Garmin is the wearables rival to Apple and Fitbit that just keeps coming. Even as we await what Apple will bring at Tim Cook's next Apple Keynote during the first week of September, and while Fitbit has already debuted its first fully functioning smartwatch, the Ionic, Garmin is debuting three new wearables with unique and intriguing tech: The Vivomove HR smart watch, the Vivosmart 3 activity tracker, and, the most compelling option for athletes: the newly round-faced, full-touchscreen, $299 Vivoactive 3, which does just about everything.
Garmin has added contactless payment with Visa and MasterCard (though not American Express) versatility that Fitbit, Apple, and Samsung have already. The idea: Go for a run with friends, but without cash or credit cards, or even your phone, and you can still stop for a latte afterwards. The Vivoactive 3 finally adds customizable watch faces, such as your favorite photo as a screen, and on Android phones (not Apple), the ability to not just receive notifications, but respond to them, too. We’re excited to test exactly how that works, since the execution of on-wrist typing is variable on many wearables. And it’s important to note here the rumor that Apple may add a SIM to the next Apple Watch, which would allow voice calling from your wrist, untethered from your phone. Even sans that functionality, you can do voice-based texts and calls on Apple Watch — something Garmin hasn’t offered.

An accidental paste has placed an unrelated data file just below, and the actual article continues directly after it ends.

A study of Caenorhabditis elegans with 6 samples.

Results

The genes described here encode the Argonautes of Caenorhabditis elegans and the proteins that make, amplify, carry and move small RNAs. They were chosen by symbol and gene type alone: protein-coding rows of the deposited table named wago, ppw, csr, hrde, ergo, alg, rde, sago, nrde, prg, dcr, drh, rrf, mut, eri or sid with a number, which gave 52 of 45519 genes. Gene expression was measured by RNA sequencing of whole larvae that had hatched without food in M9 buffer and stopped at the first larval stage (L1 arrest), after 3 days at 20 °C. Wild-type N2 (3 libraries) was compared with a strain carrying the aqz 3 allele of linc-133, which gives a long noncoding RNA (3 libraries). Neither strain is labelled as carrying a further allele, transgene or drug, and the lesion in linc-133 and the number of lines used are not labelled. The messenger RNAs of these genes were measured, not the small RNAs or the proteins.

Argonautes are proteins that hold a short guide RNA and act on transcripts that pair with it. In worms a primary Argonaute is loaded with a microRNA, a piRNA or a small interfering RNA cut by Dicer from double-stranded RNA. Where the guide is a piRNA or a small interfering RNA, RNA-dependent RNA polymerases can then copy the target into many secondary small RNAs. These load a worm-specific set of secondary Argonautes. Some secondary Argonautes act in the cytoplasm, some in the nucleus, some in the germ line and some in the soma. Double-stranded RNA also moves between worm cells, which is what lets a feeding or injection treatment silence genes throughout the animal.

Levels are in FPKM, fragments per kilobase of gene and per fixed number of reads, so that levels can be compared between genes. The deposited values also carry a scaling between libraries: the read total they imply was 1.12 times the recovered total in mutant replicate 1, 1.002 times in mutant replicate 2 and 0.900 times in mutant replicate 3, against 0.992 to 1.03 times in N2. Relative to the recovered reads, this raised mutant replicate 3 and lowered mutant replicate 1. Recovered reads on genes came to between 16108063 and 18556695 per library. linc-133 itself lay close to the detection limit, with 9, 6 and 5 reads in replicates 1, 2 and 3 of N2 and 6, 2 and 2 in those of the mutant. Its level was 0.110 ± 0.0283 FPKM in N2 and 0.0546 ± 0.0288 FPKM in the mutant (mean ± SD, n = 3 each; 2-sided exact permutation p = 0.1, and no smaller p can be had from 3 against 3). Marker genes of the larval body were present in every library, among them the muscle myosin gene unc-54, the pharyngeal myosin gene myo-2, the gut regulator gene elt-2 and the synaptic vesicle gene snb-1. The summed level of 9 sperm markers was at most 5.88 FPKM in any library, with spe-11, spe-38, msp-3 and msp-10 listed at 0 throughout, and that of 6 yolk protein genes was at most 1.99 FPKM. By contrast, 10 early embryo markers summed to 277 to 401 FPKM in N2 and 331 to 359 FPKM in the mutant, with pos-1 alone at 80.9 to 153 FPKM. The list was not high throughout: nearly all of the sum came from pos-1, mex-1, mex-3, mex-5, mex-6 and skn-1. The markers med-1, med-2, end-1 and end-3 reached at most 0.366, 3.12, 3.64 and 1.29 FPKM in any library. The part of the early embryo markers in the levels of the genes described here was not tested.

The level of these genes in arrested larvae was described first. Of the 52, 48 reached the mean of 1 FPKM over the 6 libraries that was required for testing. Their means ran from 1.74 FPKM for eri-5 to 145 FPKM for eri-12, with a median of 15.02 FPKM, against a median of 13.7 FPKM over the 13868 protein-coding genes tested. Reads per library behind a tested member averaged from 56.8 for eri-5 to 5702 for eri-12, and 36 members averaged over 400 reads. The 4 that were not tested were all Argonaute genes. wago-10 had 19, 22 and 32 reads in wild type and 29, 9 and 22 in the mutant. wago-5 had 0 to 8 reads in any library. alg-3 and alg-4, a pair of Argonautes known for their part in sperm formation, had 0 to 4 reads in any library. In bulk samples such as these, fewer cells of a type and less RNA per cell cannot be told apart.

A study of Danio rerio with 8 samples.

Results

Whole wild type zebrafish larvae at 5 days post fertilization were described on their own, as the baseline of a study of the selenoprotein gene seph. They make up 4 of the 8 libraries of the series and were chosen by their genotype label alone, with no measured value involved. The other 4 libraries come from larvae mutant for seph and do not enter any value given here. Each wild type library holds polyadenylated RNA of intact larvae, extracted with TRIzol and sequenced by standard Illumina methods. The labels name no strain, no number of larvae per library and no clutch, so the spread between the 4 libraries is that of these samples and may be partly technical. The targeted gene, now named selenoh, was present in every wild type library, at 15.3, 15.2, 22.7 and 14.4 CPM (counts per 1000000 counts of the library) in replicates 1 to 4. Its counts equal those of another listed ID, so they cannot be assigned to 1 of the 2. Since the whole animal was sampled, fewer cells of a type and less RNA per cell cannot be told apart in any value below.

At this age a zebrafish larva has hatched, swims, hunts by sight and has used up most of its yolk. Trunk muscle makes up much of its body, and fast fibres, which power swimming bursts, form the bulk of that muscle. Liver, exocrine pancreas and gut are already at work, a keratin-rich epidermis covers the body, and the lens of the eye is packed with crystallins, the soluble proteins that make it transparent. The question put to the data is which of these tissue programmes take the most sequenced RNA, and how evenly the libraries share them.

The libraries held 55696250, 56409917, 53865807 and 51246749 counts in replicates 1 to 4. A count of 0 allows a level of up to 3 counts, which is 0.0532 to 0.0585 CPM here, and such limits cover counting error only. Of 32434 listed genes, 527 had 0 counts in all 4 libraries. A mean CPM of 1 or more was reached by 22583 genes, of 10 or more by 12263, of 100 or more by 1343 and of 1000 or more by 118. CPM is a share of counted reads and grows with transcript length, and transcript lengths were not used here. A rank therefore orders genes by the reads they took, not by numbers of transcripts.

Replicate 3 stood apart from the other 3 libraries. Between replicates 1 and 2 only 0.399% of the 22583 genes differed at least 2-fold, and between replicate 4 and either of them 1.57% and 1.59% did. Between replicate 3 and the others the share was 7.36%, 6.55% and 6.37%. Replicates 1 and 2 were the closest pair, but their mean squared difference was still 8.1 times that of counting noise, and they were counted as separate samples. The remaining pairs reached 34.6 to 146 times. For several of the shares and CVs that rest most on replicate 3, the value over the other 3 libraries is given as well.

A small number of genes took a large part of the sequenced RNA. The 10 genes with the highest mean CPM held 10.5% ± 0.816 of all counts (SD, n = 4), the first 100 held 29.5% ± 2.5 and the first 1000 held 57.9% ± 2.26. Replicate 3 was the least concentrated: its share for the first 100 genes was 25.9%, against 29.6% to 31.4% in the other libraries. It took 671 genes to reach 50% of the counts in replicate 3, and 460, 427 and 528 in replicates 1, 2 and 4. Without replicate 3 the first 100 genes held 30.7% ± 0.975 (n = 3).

Still, where Garmin already has advantages in indoor and outdoor fitness, they’re pushing their edge further. The Vivactive 3 has onboard GPS and on-wrist heart-rate tracking that, in the past, we’ve found to be spot-on with Garmin wearables. Also: waterproofing to 50 meters easily bests both Apple and Fitbit.
The specificity here is where things get interesting. There are 15 native sport-specific trackers, ranging from swimming and lap counting to Nordic skiing, which is cool because Garmin has figured out important metrics to count for every sport you can track on your wrist. Plus, it has gym exercise rep-counting and rest tracking as well as set totals so you don’t have to carry around a notebook or keep plugging your workout numbers into a memo app. Garmin also added the ability to customize workouts, presumably meaning you could create a mixed HIIT training program and brew up, say, stair running with push-ups, jump rope, pull-ups, and so on, and have every rep and set accurately counted and timed.
Vivactive 3 is also built to interact with all sorts of sensors, like running footpods, cycling sensors, head lamps and tail lights, and home Internet of Things devices, all using Bluetooth. This thing even has a 13-hour battery life in GPS mode and seven days in smartwatch mode.
This all comes in a package that’s very lightweight and, unlike far too many wearables to date, small enough and thin enough that it should be all-day comfortable. That’s been Apple’s chief, but largely unheralded, advantage to date, and it’s nice to see Fitbit and now Garmin catching up.
Omissions? there’s no native storage of music, so if you like to workout using earbuds you’ll still need to bring your phone, and of course Apple Watch lets you use thousands of apps not made by Apple. Garmin’s clearly not pushing the lifestyle angle as much as Apple has, but this is still a big deciding factor for lots of buyers.